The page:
Toronto

Race was a factor in handcuffing of 6-year-old black girl in Mississauga school, tribunal says

Peel police officers discriminated against a six-year-old black girl when they handcuffed her wrists behind her back and kept her restrained for nearly half an hour at a Mississauga, Ont., school, Ontario's Human Rights Tribunal says.

Girl was cuffed at her wrists and ankles for 28 minutes

The Ontario Human Rights Tribunal has ruled that two Peel police officers racially discriminated against a six-year-old black girl when they cuffed her at the wrists and feet and kept her restrained for 28 minutes. (Peel Regional Police)

Peel police officers discriminated against a six-year-old black girl when they handcuffed her wrists behind her back and kept her restrained for nearly half an hour at a Mississauga, Ont., school, Ontario's Human Rights Tribunal says.

In a decision issued late last month, the tribunal ruled that race was a factor in the Sept. 30, 2016 incident. That morning, two white Peel Regional Police constables attended the public school after administrators requested assistance with the girl, who they said was acting violently.

CBC Toronto is not identifying the family or the school to protect the girl's identity.

During their interaction with the young girl, the 54-page decision reads, the officers placed her on her stomach and cuffed her at the wrists and ankles. She was then kept in that position for 28 minutes until paramedics arrived.

Adjudicator Brenda Bowlby called the response a "clear overreaction" that can only be explained, at least in part, by the officers' implicit racial bias.

The girl and her family asked the tribunal to hear their case against the Peel police services board in September 2017 and hearings were held over seven days last year. The family is also pursuing a civil lawsuit against Peel police.

Speaking to CBC Toronto in February 2017, the girl's mother said there was "no excuse" for how the officers handled the incident.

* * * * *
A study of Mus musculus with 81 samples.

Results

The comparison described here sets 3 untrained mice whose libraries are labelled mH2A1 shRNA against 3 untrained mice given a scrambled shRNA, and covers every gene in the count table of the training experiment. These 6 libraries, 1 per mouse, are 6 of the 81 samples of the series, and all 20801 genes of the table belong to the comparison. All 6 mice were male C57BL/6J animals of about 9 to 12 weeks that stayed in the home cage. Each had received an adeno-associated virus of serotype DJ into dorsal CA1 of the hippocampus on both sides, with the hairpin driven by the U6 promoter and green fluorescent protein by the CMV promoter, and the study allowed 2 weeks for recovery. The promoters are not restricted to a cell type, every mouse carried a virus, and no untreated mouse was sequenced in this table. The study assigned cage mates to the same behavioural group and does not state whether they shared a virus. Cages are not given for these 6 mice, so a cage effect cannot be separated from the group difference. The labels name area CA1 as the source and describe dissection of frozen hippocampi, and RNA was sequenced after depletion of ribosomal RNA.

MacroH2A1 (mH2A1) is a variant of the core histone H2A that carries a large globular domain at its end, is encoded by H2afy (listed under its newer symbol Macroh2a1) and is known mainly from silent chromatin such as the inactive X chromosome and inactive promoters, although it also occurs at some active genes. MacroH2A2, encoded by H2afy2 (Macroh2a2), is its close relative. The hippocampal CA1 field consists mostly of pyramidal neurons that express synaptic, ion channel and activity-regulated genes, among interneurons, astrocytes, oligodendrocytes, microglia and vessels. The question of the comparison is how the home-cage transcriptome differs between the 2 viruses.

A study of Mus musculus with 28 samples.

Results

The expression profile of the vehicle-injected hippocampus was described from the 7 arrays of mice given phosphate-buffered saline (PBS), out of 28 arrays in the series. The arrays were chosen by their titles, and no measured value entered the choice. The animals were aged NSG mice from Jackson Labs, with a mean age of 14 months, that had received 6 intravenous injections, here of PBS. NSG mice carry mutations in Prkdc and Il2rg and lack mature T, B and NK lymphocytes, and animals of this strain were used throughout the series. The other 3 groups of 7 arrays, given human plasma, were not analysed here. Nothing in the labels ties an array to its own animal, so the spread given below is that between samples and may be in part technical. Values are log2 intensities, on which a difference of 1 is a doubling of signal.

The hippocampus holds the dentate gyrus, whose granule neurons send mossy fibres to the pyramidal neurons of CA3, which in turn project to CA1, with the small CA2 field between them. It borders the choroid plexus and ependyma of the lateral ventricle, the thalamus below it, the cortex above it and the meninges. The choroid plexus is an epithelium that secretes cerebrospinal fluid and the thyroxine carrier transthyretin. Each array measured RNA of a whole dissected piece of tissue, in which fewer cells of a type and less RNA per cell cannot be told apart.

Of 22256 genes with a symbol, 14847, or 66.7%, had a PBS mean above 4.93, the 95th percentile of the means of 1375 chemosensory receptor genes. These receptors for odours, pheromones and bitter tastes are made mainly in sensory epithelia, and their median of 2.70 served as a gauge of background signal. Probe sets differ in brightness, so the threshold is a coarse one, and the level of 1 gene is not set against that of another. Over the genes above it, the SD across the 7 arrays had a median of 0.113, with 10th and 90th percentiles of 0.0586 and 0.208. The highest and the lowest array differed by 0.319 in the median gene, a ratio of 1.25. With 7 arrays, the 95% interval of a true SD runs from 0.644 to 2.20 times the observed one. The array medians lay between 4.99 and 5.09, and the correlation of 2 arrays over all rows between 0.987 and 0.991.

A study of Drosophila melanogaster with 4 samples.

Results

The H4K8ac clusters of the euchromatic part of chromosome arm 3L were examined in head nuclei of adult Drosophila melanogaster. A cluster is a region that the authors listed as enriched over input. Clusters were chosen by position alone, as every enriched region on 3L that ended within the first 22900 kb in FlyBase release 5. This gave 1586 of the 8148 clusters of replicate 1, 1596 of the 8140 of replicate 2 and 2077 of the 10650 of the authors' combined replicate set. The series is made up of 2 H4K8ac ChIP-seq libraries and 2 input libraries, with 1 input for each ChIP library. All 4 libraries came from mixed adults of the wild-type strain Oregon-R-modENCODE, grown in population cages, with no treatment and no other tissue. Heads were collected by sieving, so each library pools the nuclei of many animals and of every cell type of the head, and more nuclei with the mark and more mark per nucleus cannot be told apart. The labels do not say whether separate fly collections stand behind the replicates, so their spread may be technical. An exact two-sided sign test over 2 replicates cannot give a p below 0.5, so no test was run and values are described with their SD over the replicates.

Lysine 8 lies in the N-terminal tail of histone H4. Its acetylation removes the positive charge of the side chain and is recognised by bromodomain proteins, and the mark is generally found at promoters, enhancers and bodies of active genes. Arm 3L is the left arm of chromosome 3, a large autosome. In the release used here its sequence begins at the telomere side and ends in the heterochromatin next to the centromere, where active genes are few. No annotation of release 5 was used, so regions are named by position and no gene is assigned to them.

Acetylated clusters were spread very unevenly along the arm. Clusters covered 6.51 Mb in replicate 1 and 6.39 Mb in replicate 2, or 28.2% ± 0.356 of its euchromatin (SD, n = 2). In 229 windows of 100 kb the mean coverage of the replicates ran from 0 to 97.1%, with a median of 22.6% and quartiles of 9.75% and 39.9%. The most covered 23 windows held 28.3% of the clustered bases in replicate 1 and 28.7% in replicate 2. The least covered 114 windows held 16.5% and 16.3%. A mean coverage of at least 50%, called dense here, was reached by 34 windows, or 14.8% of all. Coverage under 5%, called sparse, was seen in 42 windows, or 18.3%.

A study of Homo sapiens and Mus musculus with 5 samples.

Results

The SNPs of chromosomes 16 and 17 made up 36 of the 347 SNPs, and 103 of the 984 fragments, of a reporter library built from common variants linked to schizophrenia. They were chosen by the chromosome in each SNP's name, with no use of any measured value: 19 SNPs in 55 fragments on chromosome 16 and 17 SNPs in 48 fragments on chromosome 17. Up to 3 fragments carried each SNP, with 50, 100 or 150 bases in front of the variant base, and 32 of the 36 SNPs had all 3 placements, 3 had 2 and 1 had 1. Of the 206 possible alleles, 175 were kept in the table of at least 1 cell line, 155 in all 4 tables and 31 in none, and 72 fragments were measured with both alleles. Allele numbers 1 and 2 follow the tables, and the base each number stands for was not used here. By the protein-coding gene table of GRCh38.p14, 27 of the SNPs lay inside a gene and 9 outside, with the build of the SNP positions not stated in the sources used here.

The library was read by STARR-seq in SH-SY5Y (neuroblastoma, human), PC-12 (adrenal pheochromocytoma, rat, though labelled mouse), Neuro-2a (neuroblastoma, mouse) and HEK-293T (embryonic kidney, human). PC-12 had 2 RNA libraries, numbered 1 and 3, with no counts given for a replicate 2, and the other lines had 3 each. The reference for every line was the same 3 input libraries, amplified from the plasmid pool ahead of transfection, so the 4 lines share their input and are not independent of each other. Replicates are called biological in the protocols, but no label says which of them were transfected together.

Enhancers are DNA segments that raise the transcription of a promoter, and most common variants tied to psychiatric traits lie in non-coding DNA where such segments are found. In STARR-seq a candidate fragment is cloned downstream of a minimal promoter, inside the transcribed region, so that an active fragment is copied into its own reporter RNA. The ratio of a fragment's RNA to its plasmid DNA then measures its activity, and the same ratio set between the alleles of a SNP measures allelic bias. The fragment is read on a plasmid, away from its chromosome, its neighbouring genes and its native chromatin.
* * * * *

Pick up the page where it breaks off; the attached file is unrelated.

"My daughter didn't have a knife, my daughter didn't have a gun, there's no way my daughter could've harmed anybody in that situation," she said.

"There's nothing a 48-pound, six-year-old girl could've done." 

Officers denied key elements of incident

During the hearings, the officers said that they repeatedly tried to verbally de-escalate the situation before the girl was restrained.

In her decision, Bowlby wrote that the girl was "spitting, head-butting and trying to break free" as they attempted to restrain her without cuffs.

"She began kicking the officers, swinging her legs out sideways and coming backwards like a heel kick," Bowlby added.

The call to police from administrators on Sept. 30 was the fourth about the girl that month. Before the constables arrived that particular day, she had hit a student, tried to hit another, thrown objects at the principal and struck her behavioural teaching assistant in the face with a book, school staff said.

Before police arrived, the behavioural teaching assistant — trained in child crisis prevention and intervention — tried to physically restrain the girl using a technique called a "child lock hold," but he was unable to calm her.

During the hearings, both officers denied placing the girl on her stomach at any point in the 90 minutes they were at the school. That testimony, however, was contradicted by the teaching assistant, whose account Bowlby found to be the most reliable.

The tribunal also heard from two expert witnesses who testified about implicit bias in policing. 

Actions were 'disproportionate'

Ultimately, Bowlby found that although the officers "conducted themselves throughout the incident in a professional and polite manner," their actions were "disproportionate to what was necessary."

"While the officers had a legitimate duty to maintain the safety of the [girl], others and themselves in circumstances where the [girl's] behaviours were challenging and might have created a safety risk, this did not give them licence to treat the [girl] in a way that they would not have treated a white six-year-old child in the same circumstances."

In a statement, Peel Regional Police noted that both officers were investigated by the Office of the Independent Police Review Director and no formal charges were laid.

"However it was determined as a result of that investigation, that these officers, and all officers responding to schools, would benefit from further training, which is being implemented," the statement continued.

The tribunal's ruling does not outline any possible remedies, but another hearing will be held to decide what happens next.